Resources — The De|Center

Created time
Jun 24, 2024 02:24 PM
, Afsaneh Rigot (Harvard Kennedy School Belfer Center for Science and International Affairs, May 2022)
Afsaneh Rigot (Berkman Klein Center for Internet & Society at Harvard University, March 2022)
Mahsa Alimardani, Kendra Albert, and Afsaneh Rigot (New York Times, September 2022)
(CBC’s Spark podcast, February 2023)
Discreet App Icons and Other Safety Changes on Grindr
Queer Syrian refugees in Lebanon told us they faced risks at army and police checkpoints, where they often experienced profiling and had their devices searched. Many times, it was the Grindr logo of the app on their phone which outed them and increased their risk.
We worked with the to implement the feature in 2017 to allow users to make their app look inconspicuously like other apps. Originally made free for “high risk countries,” in and is one of the app’s more popular safety features. Subsequently, in consultation with other LGBTQ communities in MENA, DFM has been used to push for many other security and harm reduction features on the app, such as PINs, screenshot blocking, unsend messages and images, direct lines of communication to communities, and more.
This work was conducted as part of on-going research with ARTICLE 19.
Timed Messages on WhatsApp
In 2021, through research with LGBTQ communities in MENA and the criminal defense lawyers who represent them, we demonstrated the increasing use of digital evidence to criminalize LGBTQ people and how to navigate and counter it. We used the findings to work with WhatsApp to implement more disappearing messages options to reduce the amount of data gathered on people’s devices which may later be used against them in court.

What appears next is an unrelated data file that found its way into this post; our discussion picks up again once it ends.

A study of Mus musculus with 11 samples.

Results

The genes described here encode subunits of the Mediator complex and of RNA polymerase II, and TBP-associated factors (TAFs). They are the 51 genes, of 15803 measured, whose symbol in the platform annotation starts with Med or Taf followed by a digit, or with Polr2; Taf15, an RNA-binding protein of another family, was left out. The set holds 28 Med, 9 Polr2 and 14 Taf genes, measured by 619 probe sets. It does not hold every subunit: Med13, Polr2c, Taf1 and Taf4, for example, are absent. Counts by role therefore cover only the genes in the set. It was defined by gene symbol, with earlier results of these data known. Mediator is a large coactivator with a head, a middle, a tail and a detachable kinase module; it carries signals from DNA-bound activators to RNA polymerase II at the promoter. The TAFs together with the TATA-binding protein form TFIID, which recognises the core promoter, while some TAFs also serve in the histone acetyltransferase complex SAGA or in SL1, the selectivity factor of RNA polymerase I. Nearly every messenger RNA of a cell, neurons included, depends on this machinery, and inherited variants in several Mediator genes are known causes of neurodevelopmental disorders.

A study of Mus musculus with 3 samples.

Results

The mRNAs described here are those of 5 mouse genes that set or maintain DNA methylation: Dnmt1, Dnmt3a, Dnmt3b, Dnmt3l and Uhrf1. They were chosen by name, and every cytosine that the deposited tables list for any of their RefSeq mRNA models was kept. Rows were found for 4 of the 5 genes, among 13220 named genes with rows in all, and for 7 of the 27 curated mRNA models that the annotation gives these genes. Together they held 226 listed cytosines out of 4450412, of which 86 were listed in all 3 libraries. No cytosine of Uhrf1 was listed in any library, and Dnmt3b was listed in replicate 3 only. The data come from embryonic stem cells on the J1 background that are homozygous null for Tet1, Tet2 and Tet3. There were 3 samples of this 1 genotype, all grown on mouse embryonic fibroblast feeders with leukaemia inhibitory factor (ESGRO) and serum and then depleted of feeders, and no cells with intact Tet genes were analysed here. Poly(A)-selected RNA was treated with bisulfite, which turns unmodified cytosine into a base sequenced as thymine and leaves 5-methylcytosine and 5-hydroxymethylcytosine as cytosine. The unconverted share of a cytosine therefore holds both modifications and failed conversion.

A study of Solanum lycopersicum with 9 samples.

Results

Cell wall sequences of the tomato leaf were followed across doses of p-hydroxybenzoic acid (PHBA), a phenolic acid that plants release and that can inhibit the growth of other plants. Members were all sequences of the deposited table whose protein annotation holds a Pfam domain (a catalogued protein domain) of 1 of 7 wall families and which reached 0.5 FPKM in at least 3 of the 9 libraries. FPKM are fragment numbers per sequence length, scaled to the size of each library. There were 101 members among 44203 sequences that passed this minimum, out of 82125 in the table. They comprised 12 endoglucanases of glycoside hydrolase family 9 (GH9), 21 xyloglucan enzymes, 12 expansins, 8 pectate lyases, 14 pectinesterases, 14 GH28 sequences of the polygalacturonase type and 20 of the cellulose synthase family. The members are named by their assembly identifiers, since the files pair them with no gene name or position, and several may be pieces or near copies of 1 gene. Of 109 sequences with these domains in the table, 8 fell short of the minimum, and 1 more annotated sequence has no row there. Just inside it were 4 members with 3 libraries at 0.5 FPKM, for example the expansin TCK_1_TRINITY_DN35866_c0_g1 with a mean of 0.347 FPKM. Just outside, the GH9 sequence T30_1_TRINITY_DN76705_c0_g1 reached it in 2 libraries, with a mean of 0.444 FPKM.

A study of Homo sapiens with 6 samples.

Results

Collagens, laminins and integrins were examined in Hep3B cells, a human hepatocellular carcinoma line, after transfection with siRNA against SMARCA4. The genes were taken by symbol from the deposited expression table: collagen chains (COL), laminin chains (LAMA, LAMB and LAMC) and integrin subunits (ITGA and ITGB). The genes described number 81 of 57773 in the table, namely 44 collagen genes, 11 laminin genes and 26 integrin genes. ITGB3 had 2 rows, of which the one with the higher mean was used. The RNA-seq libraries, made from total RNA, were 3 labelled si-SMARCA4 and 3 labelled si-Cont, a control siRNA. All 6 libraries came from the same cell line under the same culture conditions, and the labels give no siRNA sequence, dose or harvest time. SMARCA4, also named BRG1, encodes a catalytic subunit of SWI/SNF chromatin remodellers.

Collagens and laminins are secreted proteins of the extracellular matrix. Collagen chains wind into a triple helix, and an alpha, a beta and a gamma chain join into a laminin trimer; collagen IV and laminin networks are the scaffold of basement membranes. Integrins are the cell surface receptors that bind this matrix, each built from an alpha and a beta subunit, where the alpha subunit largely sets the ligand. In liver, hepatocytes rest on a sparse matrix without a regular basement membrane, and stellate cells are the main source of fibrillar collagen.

This work was conducted as part of research by Afsaneh Rigot supported by ARTICLE 19 and Jessica Fjeld, Mason Kortz, and students in the Cyberlaw Clinic at Harvard Law School.
Locked Chats on WhatsApp
In 2023, we extended our work with Meta around protecting LGBTQ communities in MENA, the long standing research and expertise of the team into the patterns of device searches, interrogations, and data extraction from devices for sentencing of criminalized communities, and used additional findings from our to where the most “high risk” conversations could be hidden in locked chats. This adds a layer of protection for people using the app who are at risk of their devices being searched without a warrant and their communications used against them.
We have continued to push for WhatsApp to refine the implementation of this feature. Since its introduction, it has been updated with unique passcodes, options to fully hide/invisibilize the chat, and quick hide options for emergencies. More changes and consultations are being done to disentangle the feature fully from biometrics to ensure it is in line with DFM and needs of decentered communities.
This work was conducted as part of research by Afsaneh Rigot supported by ARTICLE 19, Jessica Fjeld, Mason Kortz, and students in the Cyberlaw Clinic at Harvard Law School.
App Icon Cloaking on Signal
In 2023, based on additional research with LGBTQ communties, activists, and protesters in MENA and beyond, we worked with Signal to implement similar to the first one Grindr deployed, to allow users to hide the Signal logo on their phones and use a different, inconspicuous icon instead. Our research revealed that when these communities were stopped by police or interrogated and risked device searches, they were especially concerned about exposing the data they had in Signal, because Signal as an app is high security and often holds much of the most sensitive data, such as their organizing communication or other “criminalizing” data. This is currently only on Android.
This work was conducted both as part of on-going research with ARTICLE 19 and Afsaneh Rigot’s independent work and research.